According to World Health Organization (WHO), around 7-10 percent of the world’s population are disabled. Within the refugee population, the amount is even higher: out of 79,5 million forcible displaced people, 5,5-8 million are also disabled.
“Persons with disabilities include those who have long-term physical, mental, intellectual or sensory impairments, which in interaction with various attitudinal and environmental barriers hinder their full participation in society on an equal basis with others”, says UN’s definition of disability.
Most disabled refugees are not born with their disabilities. Living in the middle of war and conflicts and fleeing from them can often result in physical and mental disabilities such as amputations caused by mines. Mental traumas can often occur through anxiety, depression, or inability to focus.
Health care is often insufficient in the middle of conflicts, which also affects the number of refugees with disabilities. Without proper medication or care illnesses and wounds like diabetes or infections may result in permanent damages. With no vaccination available, many children go through polio and the disabilities caused by it.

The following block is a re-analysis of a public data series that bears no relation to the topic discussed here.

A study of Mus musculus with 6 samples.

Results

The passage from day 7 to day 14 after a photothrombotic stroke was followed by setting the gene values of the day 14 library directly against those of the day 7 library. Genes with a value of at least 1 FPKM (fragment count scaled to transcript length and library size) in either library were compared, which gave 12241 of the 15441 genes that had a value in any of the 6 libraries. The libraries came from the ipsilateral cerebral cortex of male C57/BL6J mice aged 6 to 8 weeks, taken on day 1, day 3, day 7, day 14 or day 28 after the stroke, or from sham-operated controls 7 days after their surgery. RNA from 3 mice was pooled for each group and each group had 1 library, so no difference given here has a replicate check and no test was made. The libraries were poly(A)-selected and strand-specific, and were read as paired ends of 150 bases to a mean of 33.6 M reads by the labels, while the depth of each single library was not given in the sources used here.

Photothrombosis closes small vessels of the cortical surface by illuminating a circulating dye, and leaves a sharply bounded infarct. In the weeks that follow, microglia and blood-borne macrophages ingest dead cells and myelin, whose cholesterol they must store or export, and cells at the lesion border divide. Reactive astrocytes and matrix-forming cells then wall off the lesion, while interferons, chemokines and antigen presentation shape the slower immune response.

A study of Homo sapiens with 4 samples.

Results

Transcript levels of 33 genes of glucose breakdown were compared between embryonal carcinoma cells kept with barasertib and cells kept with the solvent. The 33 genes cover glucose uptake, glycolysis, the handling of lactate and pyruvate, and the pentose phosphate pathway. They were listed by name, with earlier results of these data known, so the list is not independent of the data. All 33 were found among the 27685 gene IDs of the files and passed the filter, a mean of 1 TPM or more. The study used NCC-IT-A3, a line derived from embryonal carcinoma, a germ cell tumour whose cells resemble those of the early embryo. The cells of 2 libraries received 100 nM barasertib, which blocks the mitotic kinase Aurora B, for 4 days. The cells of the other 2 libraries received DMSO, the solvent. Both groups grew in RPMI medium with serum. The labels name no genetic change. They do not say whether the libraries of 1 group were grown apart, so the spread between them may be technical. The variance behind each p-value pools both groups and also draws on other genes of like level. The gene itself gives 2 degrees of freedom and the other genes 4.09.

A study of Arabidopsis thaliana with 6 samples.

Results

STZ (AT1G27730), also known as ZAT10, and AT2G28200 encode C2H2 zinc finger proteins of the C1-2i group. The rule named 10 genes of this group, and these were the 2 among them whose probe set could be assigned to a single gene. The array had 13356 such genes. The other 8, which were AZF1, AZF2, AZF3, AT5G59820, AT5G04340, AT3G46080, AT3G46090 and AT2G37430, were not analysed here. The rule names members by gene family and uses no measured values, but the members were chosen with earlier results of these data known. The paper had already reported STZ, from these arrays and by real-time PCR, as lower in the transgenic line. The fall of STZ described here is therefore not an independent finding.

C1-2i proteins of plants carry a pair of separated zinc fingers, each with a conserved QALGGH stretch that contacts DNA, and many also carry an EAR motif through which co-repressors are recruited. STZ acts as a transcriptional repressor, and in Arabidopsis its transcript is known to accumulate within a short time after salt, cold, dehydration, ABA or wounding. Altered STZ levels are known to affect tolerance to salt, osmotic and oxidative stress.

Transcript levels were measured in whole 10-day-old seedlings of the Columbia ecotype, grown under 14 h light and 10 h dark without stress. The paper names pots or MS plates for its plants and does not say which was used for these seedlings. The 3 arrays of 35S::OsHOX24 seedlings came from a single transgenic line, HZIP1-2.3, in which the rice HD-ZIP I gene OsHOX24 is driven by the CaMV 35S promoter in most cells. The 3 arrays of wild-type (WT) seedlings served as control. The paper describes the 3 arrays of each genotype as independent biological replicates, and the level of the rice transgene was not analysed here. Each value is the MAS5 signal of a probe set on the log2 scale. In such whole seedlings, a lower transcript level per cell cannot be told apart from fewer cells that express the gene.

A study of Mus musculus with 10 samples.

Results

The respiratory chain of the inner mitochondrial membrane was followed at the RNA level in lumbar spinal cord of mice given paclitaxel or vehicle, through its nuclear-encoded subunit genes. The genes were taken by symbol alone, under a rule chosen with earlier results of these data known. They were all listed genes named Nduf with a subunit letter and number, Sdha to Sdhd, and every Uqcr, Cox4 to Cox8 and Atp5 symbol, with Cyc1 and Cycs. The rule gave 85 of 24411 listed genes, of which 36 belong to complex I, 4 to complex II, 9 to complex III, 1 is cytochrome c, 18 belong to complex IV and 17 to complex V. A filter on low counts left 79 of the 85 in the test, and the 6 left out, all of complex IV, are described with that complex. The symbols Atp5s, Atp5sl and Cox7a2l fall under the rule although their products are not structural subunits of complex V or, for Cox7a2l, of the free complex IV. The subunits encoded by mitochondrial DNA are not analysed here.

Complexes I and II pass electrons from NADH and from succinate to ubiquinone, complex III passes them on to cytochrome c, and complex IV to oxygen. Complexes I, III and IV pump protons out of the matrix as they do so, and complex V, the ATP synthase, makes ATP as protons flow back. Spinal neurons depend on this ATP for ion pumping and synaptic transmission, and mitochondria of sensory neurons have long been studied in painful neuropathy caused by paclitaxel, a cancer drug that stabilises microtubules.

Finnish Refugee Council’s operations are justice-based. This means following and advancing the rights of disabled refugees. We aim to diminish and remove various obstacles so that disabled refugees can participate in their communities and get an education. In practice, removing obstacles can mean things like widening the doors and windows, putting participants with a weaker vision to sit in the front row, and enlarging the font size of books.
Another important way to improve the participation possibilities of the disabled refugees is educating and training our staff, community, and families. Education increases knowledge and helps to remove prejudices and stigmas that are sometimes linked to disability in some cultures. Inclusivity and disability are also some of the themes in the training that the Finnish Refugee Council organises.
Besides the skills such as literacy and numeracy skills, Finnish Refugee Council provides many other benefits for the course participants. With studying, refugees suffering from traumas and posttraumatic stress resulting from fleeing find relief and a new path for their lives. Sharing experiences with other refugees increases the quality of life and helps them to connect with their community, which increases their social and psychological wellbeing.
Disabled refugees have a lot to give back to the communality and other participants. In Ethiopia, we have had a disabled person educating our counselors, which has been noticed to be the most efficient to improve the understanding of the staff.
Read more information on our international operations in Uganda, Myanmar, and Ethiopia.